Weather story or question?
Have a look at this! A series of circles appeared around the sun over the Comox Valley today which, as CTV videographer Gord Kurbis put it, looks like “Mother nature went a bit crazy with the ol’ Spirograph.”
VIDEO: Unusual halos around the sun right now in the Comox Valley. A bit hard to shoot on video but sort of looks like Mother Nature when a bit crazy with the ol' Spirograph. I'm sure @CTVNewsAstrid will have an explanation for @CTVNewsVI viewers on this. pic.twitter.com/2OO9DT634h— Gord Kurbis (@CTVNewsGord) May 30, 2018
Gord you know me so well! Yes, I do have an explanation for this.
Most of us are familiar with the 22° halo. That’s the perfectly circular halo around the sun. See the oval one? That’s called a circumscribed halo. If it was right overhead it would be circular, but it’s not. It’s oval in shape because, in this case, the sun is about 60 degrees above the horizon.
Both the 22° halo and the circumscribed halos are made of ice crystals that are cylindrical and hexagonal in shape. Think of the shape of a pencil. The 22° halo has the crystals randomly oriented, while the circumscribed halo needs them to be oriented the same way. So the light enters one side and exits a different side, but not the end faces. The way the light travels and bounces, no light is reflected towards the inside of the ring, which makes the sky inside the halo noticeably darker.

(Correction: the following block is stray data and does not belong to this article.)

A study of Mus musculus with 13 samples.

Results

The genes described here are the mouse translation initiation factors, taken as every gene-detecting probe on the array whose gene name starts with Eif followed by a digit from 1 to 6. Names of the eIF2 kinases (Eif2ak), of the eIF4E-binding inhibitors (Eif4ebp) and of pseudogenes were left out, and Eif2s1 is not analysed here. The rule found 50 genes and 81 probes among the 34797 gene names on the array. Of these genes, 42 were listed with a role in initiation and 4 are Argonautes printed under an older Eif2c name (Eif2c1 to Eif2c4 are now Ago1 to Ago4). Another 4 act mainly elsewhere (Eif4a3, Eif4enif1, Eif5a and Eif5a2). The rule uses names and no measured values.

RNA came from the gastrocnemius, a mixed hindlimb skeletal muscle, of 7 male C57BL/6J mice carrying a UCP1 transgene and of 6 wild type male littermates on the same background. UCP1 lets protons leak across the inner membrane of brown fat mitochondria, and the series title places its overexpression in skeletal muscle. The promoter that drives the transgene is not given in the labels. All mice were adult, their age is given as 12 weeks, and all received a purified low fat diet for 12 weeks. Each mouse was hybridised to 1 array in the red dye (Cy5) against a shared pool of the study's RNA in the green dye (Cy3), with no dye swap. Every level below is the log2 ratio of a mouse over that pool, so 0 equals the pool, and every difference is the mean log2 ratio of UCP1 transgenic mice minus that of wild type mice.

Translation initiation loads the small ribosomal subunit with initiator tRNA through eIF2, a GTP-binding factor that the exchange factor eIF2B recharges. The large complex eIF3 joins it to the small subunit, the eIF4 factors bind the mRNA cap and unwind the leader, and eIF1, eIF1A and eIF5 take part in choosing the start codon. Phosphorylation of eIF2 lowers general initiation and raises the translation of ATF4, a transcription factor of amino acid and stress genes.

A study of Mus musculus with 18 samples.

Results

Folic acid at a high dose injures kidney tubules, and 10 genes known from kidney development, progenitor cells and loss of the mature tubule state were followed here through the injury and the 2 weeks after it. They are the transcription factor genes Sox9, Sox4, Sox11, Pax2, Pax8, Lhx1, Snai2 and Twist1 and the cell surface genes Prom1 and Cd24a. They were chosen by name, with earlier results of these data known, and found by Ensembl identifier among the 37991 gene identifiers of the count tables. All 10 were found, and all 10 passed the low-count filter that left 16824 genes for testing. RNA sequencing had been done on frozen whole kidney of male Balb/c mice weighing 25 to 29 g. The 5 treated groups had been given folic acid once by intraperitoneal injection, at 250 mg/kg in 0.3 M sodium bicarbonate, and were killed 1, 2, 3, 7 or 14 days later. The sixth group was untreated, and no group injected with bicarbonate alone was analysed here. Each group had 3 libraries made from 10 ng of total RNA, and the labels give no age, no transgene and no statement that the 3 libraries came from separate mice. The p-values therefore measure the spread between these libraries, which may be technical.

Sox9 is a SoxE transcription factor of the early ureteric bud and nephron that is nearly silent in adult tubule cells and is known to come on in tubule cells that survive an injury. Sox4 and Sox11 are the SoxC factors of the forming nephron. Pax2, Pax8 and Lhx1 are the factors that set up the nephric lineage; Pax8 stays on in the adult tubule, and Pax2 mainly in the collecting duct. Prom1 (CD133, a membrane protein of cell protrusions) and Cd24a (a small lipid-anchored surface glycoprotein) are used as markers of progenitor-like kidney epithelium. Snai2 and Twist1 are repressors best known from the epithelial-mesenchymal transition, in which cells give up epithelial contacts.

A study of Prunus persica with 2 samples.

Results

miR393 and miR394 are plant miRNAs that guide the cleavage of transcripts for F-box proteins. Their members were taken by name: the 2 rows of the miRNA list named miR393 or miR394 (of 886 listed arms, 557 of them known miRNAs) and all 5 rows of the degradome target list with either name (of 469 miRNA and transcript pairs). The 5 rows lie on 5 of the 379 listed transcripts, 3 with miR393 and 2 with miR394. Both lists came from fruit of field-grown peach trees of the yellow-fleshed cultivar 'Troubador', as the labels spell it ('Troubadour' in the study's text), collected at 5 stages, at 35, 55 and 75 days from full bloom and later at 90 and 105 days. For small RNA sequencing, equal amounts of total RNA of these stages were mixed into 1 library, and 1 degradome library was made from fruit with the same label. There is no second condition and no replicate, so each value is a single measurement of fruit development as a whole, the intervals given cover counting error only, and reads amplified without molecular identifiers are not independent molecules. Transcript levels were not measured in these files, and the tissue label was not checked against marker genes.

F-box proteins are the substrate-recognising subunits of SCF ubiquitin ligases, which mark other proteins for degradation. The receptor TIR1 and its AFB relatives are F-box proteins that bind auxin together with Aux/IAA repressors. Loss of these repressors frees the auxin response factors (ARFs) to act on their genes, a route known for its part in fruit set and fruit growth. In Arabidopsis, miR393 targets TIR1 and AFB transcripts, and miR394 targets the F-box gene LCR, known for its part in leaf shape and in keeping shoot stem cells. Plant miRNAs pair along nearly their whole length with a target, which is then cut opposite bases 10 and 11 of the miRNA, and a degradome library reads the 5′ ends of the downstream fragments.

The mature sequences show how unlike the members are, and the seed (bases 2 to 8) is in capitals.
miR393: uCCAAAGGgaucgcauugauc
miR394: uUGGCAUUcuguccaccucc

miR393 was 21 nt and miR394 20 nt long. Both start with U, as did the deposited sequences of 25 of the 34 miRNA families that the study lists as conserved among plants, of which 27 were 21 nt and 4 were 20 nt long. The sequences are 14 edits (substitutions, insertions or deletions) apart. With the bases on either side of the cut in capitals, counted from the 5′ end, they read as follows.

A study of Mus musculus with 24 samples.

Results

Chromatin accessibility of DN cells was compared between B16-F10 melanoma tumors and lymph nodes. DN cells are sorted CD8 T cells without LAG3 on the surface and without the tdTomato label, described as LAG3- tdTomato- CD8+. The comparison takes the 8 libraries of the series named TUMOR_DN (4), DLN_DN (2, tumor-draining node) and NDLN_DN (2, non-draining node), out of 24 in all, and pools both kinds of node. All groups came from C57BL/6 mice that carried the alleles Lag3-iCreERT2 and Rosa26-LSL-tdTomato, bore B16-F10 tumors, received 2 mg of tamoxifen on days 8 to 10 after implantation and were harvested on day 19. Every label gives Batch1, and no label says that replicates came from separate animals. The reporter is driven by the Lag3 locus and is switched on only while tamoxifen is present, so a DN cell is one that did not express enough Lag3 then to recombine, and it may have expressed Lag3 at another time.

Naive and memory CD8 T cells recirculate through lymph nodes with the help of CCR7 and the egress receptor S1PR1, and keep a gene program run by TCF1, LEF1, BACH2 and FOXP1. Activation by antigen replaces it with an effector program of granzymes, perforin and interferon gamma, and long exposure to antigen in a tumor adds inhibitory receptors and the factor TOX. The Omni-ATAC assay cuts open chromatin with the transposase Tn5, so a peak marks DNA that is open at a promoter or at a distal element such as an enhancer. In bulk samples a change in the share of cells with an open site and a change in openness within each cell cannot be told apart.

This tweet shows both the halos, as well as an infralateral arc.
An infralateral arc is formed when light enters the side of the pencil-shaped ice crystals and comes out the end face.
As for the white band that goes through the sun and the halos – that’s called a parhelic circle or arc.
The ice crystals in this scenario need to be shaped like hexagonal plates. Rays of light bounce around the ring of faces inside. The colours of light are split apart and then mixed back together so the colour is generally white.
Last but not least this one.
This graphic is helpful in showing how these all come together:
Huge thank you to Ed Wiebe at UVic’s School of Earth and Ocean Sciences (who also runs the Vancouver Island School-Based Weather Station Network) for helping me sort out all these sun circles.